NBC banks on Earnhardt as start of NASCAR coverage arrives
Heading into its fourth season airing NASCAR under its current deal, NBC Sports Group is counting on a big dose of Dale Earnhardt Jr. to bring energy and attention to its coverage.
NBC won a battle with Fox Sports last year to land Earnhardt and the network has been unabashed in its heavy promotion of the former driver-turned-analyst as a way to draw in avid fans and lapsed or casual viewers.
It also has drawn up a somewhat unique plan to experiment with five different booth setups this season as it works to determine the best way to utilize what will now be a four-person booth.
NBC takes over coverage this weekend with Xfinity Series and Monster Energy NASCAR Cup Series races that are both sponsored by Marcus Lemonis’ marine-and-watersports brand Overton’s. It will be working to avoid the double-digit ratings declines that Fox Sports incurred this year with its portion of the schedule.
“What’s best about Dale is his desire to work hard,” said Sam Flood, executive producer of NBC Sports. “He wants to be great, he wants to push every day to get better, he pushed us to do a number of rehearsal shows. He was thrilled to be part of the Super Bowl and be on a big stage like that. He loved going to Korea and being part of the Olympics and understanding the industry. He wants to be in the control room to understand how each part of the telecast comes together.”
Earnhardt will be joined by announcer Rick Allen and fellow analysts Jeff Burton and Steve Letarte.
Flood said Earnhardt’s strongest trait as a broadcaster is that he “speaks as an everyman; he speaks with the knowledge of having done it at the very highest level and won at all these racetracks, but he also talks like your buddy at the bar — and who would you rather share a beer with while watching the race than Dale Jr.?”
NBC Sports will promote Earnhardt using its “persona plan,” which it created in 2016 when announcer Mike Tirico joined the company from ESPN, according to CMO Jennifer Storms. The plan involves cross-promoting a given talent across NBCUniversal’s portfolio, including in entertainment programming. On top of his appearances at the Super Bowl and the Winter Games, Earnhardt was on air during the recent Washington Capitals-Vegas Golden Knights NHL Stanley Cup Final. Earnhardt also will do the “NBC Universal car wash” schedule of appearances this week including the “Today” show, “Tonight Show,” “Watch What Happens Live with Andy Cohen” and E News. He’ll also do hits with NBC Sports’ affiliates and regional sports networks.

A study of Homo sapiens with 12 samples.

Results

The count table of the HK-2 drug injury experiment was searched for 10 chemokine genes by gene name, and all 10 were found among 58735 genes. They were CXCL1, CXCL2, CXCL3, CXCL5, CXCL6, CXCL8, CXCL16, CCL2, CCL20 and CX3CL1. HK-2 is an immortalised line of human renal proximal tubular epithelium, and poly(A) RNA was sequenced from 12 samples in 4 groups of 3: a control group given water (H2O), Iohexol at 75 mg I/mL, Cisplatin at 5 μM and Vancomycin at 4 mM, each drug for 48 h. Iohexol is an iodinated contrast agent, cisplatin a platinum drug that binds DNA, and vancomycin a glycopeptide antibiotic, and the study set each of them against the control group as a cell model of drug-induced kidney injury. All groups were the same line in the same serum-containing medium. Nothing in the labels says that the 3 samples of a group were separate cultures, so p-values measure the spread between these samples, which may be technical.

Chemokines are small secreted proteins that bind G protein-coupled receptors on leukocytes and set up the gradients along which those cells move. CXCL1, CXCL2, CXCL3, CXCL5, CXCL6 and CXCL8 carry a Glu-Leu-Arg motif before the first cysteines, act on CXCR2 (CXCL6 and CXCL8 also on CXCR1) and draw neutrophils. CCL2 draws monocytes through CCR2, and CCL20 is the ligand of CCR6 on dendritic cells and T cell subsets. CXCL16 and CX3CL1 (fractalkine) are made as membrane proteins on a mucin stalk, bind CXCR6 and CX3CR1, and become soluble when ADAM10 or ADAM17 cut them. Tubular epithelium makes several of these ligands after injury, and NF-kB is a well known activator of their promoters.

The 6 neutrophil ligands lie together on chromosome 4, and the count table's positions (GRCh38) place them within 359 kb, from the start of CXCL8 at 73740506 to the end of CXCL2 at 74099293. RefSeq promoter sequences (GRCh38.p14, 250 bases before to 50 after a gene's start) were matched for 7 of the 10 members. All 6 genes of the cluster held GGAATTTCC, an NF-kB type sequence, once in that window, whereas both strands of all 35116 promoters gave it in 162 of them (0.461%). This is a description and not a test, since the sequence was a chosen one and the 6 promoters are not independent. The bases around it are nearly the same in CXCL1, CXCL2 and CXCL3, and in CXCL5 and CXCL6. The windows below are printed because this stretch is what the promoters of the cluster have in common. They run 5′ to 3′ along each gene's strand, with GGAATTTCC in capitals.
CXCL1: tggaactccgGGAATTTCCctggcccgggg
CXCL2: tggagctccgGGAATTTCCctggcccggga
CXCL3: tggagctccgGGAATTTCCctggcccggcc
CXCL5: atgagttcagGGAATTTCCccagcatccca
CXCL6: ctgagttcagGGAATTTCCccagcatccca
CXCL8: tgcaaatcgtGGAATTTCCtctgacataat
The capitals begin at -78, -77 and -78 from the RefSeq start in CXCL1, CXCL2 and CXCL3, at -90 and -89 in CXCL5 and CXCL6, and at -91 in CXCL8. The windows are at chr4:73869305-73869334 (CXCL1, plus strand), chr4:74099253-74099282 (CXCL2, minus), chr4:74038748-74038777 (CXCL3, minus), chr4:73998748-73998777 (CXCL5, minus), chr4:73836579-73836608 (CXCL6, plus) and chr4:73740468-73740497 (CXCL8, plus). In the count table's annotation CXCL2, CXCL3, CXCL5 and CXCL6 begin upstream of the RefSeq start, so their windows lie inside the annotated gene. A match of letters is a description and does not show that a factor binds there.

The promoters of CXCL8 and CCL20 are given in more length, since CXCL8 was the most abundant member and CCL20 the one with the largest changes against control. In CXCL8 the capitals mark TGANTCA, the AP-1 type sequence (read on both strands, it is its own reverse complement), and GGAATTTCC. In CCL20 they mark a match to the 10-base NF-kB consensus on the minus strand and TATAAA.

“This transcends NASCAR, and I can say that because we have spent six to eight months with him, and he … wants to be the best broadcaster; I can’t tell you how hungry he is to be so good for the fans and give the fans what they want,” Storms said. “More importantly, he’s such a good fit for our company because he actually is a huge NBCUniversal consumer. If you look at his Twitter, he and his wife watch a lot of the shows that we have on.”
Earnhardt was not available for comment last week.
Letarte, who is close with Earnhardt after having served as his crew chief at Hendrick Motorsports, said Earnhardt has asked the different talent members how they prepare.
“What I’ve encouraged Dale is he needs to have his own preparation — he can’t do it like me,” Letarte said. “More than anything, we were the most successful on the racetrack when we spent time together away from the racetrack, and I expect the same when it comes to the coverage on television: The more time we spend together away from the racetrack, the more fun it’s going to be to listen to us on Sundays.”
The five booth setups that NBC will use include a conventional option of all four members in the same room, while others will see them split up, whether in different rooms or possibly even having some of the analysts calling the action from places such as pit road.
Other elements that are new this year include a new custom pitbox that NBC worked on with NASCAR in order to get it a slot on pit road. The 14-by-12.5-foot pitbox, which is a couple of feet longer and higher than a typical pitbox, will be used for everything from pre- and post-race coverage to possibly a spot for analysts to call races.